Idiom: Stab someone in the back
- to hurt someone who was close to us and trusted us by betraying them secretly and breaking their trust. We call the person who does this a back stabber.
- A betrayal of trust, an act of treachery
- deceive or betray someone
- to do harm to someone who trusted you
“Did you hear that Sarah stabbed Kate in the back last week?”
“No! I thought they were best friends, what did she do?”
“She told their boss that Kate wasn’t interested in a promotion at work and Sarah got it instead.”
“Wow, that’s the ultimate betrayal! No wonder they’re not friends anymore.”
“it was very competitive, with everyone stabbing everyone else in the back”
A lot of people in this business think they have to stab each other in the back to succeed.
She felt betrayed, as though her daughter had stabbed her in the back.
He denounced the defection as a stab in the back.
Don’t trust George; he’s been known to stab his friends in the back.
I cannot believe my friend stabbed me in the back by telling my teacher I wasn’t really sick when I stayed home yesterday.
Watch out for the director’s secretary because she’ll stab you in the back the first opportunity she gets.
You’re going to love working here. Everyone’s really nice and you don’t have to worry about anyone stabbing you in the back.
I thought Jonathan was cool but he stabbed me in the back and I’m never going to tell him anything in confidence again.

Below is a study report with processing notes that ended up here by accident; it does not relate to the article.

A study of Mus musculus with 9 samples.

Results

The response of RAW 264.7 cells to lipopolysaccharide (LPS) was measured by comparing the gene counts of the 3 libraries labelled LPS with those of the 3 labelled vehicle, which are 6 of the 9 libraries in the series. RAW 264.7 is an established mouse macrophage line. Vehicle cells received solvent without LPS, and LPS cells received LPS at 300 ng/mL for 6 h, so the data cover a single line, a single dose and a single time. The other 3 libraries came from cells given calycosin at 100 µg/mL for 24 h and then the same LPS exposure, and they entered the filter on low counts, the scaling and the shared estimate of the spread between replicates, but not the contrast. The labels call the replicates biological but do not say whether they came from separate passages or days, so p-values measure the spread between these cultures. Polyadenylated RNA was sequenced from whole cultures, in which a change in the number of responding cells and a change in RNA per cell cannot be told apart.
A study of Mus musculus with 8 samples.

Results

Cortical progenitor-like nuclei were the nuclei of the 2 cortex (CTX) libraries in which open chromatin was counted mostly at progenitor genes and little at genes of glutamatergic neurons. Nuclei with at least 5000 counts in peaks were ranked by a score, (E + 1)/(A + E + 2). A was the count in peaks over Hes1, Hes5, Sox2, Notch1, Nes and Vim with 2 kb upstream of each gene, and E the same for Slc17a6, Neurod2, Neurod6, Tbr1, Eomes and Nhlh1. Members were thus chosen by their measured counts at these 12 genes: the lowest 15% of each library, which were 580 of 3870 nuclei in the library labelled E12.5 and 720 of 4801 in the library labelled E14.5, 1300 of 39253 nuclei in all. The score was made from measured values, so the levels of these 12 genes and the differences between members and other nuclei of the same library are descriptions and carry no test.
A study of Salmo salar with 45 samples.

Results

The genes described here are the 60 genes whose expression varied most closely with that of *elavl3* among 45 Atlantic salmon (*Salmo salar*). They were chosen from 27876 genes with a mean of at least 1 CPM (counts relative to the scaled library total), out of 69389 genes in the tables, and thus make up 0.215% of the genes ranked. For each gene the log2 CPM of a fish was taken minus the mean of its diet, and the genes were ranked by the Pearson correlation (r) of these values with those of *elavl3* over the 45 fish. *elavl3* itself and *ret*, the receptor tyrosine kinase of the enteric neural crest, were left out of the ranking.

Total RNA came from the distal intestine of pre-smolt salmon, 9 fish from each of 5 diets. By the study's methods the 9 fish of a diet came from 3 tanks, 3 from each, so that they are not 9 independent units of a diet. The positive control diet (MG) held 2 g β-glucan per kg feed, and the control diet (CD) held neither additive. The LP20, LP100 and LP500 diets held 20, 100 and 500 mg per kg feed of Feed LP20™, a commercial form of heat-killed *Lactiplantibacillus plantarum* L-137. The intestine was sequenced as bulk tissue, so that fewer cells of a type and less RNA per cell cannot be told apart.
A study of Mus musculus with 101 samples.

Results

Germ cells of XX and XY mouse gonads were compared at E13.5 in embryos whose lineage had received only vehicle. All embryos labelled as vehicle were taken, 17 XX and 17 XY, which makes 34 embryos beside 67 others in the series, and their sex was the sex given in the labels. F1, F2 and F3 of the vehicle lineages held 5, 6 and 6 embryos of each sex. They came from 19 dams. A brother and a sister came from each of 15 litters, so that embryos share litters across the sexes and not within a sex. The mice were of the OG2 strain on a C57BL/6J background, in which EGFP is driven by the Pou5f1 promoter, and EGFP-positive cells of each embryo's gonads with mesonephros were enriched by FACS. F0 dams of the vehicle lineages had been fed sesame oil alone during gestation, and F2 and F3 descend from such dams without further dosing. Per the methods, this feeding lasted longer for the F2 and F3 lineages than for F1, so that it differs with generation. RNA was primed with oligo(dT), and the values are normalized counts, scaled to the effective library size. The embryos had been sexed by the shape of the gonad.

The acting world is very competitive. You can expect to be stabbed in the back many times throughout your career.
Can you believe my sister stabbed me in the back by telling my parents I snuck out of the house last night?
When I was in trouble, all my friends stabbed me in the back.
These companies all want to pretend like they’re your friend, but they’ll stab you in the back the moment it makes financial sense for them.
The gangster’s second in command stabbed him in the back to assume control over the entire criminal organization.
The term originated in Germany just after World War I. The first reported use of it can be found in a report from England printed in ‘Neue Züricher Zeitung’ on 1 December 1918.
The German army felt that they had been betrayed by the politicians who signed The Treaty of Versailles. It was clear by this point that they were no match for the other side and defeat was inevitable. However, the army did not believe this and blamed the Jewish politicians for their loss. The story was perpetuated by Adolf Hitler when he was rising to power.
He used this “stabbed in the back” story to gain followers. Even though an inquiry proved that the story was not true, it became a part of German history.